What Transit Riders Could Get If Cuomo’s Transit Raid Doesn’t Go Through

How much transit service could the MTA add if Governor Cuomo’s proposed $40 million transit raid doesn’t make Albany’s final budget? Here’s a taste, courtesy of the Straphangers Campaign and the Riders Alliance.

Photo: Wikipedia

Service that was cut from seven subway lines in 2010, serving 300,000 weekday riders, could be restored. More than a dozen weekday bus routes could be added across the five boroughs, plus weekend service for more than a dozen other routes. The LIRR could run more trains and MetroNorth could add cars.

It would all add up to quicker commutes, less crowding, and more freedom for New Yorkers to get around without a car.

Straphangers and the Riders Alliance based the potential service restorations and additions on the MTA’s estimates of cost savings achieved with the 2010 service cuts.

In their budget proposals, both the Assembly and the State Senate rejected the $40 million transit raid in the governor’s executive budget. The issue is expected to be decided during final negotiations this week between the legislature and Cuomo.

The Cuomo camp has tried to diminish the significance of the raid, which would compel the MTA to pay off bonds for capital projects that the state had previously promised to cover. The advocates’ list of foregone service helps bring home the point that there is in fact a very real cost whenever Albany decides to divert revenue from transit.

Here’s the full list of service that $40 million could buy, according to Straphangers and the Riders Alliance:


  • Restore mid-day, nighttime and weekend service that was reduced on the 1, 7, A, F, J, L and M lines in 2010, creating shorter waits for 300,000 riders every weekday and 285,000 riders every weekend ($3.1 million)
  • Add 20% more morning rush hour service on the notoriously infrequent and crowded C train ($1 million)
  • Restore G train service to Forest Hills–71st Avenue in Queens ($1.5 million)
  • Restore W train one-seat service from Astoria to Lower Manhattan ($3.4 million)


  • Add four new local daytime and three new weekend routes in the Bronx ($4.2 million)
  • Add three new local bus routes and implement weekend hours for three weekday-only routes in Brooklyn ($4.7 million)
  • Add three bus routes and implement weekend hours for two weekday routes in Manhattan ($4.7 million)
  • Add three new bus routes with weekday and weekend hours in Queens ($6.9 million)
  • Add three new weekend routes, and three new peak hours routes in Staten Island ($3 million)

Commuter Rail

  • Add 6 new LIRR rush hour trains every weekday ($2.2 million)
  • Add 10 new off-peak weekday LIRR trains ($0.4 million)
  • Add 10 new LIRR trains every weekend day ($0.3 million)
  • Add cars to Metro-North trains to reduce crowding on the Harlem, Hudson and New Haven lines ($2.7 million)
  • Add two daily Metro-North trains each to the Harlem, Hudson and New Haven lines ($1.9 million)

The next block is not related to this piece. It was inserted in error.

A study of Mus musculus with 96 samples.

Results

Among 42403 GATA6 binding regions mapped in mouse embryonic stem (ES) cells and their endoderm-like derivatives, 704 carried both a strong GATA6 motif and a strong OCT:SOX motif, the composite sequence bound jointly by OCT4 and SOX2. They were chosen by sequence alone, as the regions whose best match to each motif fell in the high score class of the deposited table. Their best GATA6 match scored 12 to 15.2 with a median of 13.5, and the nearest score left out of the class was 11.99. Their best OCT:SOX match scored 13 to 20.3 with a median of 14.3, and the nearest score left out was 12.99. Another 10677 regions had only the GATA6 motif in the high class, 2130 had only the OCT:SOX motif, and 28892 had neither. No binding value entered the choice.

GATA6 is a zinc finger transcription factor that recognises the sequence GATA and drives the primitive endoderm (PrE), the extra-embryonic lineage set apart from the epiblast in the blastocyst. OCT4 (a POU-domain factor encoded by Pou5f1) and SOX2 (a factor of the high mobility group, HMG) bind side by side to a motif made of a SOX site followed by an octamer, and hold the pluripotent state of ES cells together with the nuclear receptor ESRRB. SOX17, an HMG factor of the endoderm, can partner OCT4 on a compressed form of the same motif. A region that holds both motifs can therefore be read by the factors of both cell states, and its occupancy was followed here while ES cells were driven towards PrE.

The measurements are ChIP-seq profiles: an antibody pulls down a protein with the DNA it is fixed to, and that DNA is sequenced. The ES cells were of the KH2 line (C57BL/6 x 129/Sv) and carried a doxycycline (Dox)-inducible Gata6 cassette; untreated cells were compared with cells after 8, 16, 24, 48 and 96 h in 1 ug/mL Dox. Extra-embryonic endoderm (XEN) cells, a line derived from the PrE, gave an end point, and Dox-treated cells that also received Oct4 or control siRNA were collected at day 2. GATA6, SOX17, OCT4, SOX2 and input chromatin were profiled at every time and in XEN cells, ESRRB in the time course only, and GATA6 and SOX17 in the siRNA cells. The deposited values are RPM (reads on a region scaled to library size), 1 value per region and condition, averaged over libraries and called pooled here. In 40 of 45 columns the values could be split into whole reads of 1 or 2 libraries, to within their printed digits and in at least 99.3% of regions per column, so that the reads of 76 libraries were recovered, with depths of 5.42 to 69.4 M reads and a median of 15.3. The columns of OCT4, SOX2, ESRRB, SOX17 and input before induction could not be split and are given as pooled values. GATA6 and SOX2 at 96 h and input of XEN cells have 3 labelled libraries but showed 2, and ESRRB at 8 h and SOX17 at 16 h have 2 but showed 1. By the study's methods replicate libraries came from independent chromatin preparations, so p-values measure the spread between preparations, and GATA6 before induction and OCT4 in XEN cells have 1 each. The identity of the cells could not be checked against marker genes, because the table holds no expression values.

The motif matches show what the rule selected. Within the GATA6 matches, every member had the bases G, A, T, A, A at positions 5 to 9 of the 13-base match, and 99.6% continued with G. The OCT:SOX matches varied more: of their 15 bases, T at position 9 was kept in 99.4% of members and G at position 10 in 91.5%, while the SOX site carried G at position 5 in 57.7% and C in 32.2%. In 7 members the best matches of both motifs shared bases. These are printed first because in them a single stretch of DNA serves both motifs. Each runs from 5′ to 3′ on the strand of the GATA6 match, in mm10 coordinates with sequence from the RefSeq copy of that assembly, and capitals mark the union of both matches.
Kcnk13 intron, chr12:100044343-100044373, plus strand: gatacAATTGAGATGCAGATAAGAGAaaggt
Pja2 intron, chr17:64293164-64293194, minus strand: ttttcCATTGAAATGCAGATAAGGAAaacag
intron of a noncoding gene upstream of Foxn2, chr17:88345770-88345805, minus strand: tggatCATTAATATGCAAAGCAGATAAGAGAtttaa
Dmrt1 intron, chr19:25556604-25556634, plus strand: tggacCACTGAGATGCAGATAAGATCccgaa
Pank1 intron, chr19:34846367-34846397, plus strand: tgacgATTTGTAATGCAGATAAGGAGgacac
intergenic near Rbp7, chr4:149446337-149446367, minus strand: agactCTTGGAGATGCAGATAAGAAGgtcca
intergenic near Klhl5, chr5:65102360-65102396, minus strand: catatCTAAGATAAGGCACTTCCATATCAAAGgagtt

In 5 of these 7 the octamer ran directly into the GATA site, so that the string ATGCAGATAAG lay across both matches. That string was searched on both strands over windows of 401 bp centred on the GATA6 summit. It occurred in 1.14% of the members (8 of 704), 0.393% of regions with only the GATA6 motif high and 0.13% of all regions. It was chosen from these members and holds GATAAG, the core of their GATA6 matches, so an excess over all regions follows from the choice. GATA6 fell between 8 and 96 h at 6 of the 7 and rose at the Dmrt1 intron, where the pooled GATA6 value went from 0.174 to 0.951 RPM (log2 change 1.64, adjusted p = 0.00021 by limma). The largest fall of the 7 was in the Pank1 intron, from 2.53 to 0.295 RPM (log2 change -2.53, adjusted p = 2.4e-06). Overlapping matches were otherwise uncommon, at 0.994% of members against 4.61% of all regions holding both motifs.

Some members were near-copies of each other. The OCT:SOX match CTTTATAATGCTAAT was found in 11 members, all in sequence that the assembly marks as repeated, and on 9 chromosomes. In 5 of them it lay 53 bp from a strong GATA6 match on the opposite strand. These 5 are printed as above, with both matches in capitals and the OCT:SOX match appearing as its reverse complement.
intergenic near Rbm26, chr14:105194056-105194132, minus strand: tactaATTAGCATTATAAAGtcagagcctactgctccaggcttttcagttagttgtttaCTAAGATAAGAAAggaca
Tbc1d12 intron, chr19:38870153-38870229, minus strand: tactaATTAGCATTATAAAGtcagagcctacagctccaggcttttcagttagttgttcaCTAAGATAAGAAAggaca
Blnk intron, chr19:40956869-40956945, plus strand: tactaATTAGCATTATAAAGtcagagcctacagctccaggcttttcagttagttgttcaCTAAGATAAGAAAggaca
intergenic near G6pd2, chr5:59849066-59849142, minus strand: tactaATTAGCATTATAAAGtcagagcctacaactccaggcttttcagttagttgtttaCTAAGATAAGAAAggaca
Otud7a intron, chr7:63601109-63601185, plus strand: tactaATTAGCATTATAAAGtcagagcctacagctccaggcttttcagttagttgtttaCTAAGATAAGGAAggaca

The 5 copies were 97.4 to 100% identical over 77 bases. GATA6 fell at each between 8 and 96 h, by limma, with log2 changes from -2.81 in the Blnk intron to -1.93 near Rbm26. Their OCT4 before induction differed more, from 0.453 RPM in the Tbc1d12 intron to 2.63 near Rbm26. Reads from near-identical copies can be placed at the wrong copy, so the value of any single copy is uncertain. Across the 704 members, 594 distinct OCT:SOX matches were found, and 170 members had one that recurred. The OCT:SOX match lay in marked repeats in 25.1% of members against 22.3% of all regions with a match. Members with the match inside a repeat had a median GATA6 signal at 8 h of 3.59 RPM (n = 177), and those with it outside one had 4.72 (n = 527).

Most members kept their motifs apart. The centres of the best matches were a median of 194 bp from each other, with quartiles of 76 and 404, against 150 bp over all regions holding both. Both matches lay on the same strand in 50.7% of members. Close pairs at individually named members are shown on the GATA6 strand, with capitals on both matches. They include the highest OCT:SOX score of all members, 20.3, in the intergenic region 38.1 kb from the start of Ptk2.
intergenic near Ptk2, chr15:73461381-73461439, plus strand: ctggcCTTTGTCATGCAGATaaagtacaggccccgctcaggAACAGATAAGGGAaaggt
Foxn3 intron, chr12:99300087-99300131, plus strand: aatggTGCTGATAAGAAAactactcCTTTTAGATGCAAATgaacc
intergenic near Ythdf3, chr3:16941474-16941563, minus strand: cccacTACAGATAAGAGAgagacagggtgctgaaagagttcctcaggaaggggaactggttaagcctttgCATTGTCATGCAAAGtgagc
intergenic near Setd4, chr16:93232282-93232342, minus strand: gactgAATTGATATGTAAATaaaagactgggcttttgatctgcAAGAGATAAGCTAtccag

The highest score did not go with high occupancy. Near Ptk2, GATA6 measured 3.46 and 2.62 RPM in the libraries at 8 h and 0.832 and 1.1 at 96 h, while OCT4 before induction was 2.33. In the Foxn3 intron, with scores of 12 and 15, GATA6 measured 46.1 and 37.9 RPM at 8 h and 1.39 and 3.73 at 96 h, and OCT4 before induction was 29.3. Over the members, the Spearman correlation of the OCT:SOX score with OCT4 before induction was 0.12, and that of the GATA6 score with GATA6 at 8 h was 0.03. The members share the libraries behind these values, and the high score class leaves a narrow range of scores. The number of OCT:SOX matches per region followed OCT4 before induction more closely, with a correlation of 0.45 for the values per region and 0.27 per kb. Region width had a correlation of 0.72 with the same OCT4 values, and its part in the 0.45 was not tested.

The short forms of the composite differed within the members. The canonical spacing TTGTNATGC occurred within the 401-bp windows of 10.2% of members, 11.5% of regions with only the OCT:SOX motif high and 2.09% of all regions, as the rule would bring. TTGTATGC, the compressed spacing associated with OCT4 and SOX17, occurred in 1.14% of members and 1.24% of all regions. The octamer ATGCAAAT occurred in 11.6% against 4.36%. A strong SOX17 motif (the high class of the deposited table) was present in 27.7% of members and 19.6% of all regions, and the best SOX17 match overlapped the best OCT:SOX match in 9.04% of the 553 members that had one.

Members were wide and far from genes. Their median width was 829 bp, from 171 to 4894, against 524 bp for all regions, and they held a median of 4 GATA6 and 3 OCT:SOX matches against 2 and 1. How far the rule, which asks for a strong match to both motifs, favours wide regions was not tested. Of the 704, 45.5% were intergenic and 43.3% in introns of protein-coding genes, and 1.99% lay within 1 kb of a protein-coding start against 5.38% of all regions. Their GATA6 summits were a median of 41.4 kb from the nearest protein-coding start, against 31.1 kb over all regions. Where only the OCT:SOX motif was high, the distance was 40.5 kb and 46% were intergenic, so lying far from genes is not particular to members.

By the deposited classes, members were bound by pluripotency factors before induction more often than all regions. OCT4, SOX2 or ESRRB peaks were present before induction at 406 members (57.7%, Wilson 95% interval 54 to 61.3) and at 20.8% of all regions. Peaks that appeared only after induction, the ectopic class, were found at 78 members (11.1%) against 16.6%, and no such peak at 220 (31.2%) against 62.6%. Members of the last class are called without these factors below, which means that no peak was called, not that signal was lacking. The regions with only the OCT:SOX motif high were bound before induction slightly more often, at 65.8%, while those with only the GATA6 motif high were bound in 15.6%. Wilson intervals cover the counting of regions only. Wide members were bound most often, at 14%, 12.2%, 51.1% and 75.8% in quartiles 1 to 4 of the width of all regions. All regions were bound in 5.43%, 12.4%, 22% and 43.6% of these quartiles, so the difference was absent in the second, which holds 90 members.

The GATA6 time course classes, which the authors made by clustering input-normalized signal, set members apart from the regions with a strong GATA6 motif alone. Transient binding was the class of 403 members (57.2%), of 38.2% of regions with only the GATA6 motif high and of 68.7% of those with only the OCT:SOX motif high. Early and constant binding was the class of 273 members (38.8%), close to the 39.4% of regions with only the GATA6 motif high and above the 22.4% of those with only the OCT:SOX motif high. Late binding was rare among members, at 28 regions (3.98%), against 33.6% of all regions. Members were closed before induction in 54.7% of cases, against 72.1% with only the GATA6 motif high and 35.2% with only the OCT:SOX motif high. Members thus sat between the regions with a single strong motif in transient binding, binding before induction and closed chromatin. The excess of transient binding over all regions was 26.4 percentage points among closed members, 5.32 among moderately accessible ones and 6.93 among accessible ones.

• Mark

    I’m slightly confused here: Aren’t we talking about $40 million being taken away from the MTA if Cuomo’s budget passes, meaning that we would be looking at loss of services in that case, or status quo if it does not pass?

    We can’t add services with money we already thought we had, right?
    Or is this just an attempt to demonstrate exactly what $40 million is worth.

  • Benjamin

    I believe it’s the latter, Mark — it’s a useful thought exercise, because it’s hard without context to understand what $40 million means in the transit world.

    Also, if the MTA or governor’s office is saying that the budget is so squishy that a $40 million cut wouldn’t impact service, then fine: here are some examples of what they could be doing with that money to *enhance* service.

  • Seereous

    The MTA could have garnered close to half a billion dollars more in income over the past 25 years or so if only the pols hadn’t caved in to Staten Island pressures and asked the feds to unwind the one way toll on the Verrazano-Narrows bridge. That lost income would have come primarily from through-trucks getting a free trip in and out of the City.

  • Mark


    It definitely makes sense, perhaps the negative case can be examined to. Examples of the services they could lose might make it easier to get people interested in stopping this.

  • jes

    They don’t care about enhancing service, MTA doesn’t want to have to answer to the union… The workers have been without a contract for 2+years… and it looks like longer. Just another reason not to allocate money and distribute it… between enhancing service and paying workers… they rather get more “aid” for usless projects, fund their bounes, pay for the lifetime free transit/Bridge and tunnel the board members get…. If they ‘get less’ the have a better reason to raise fares again.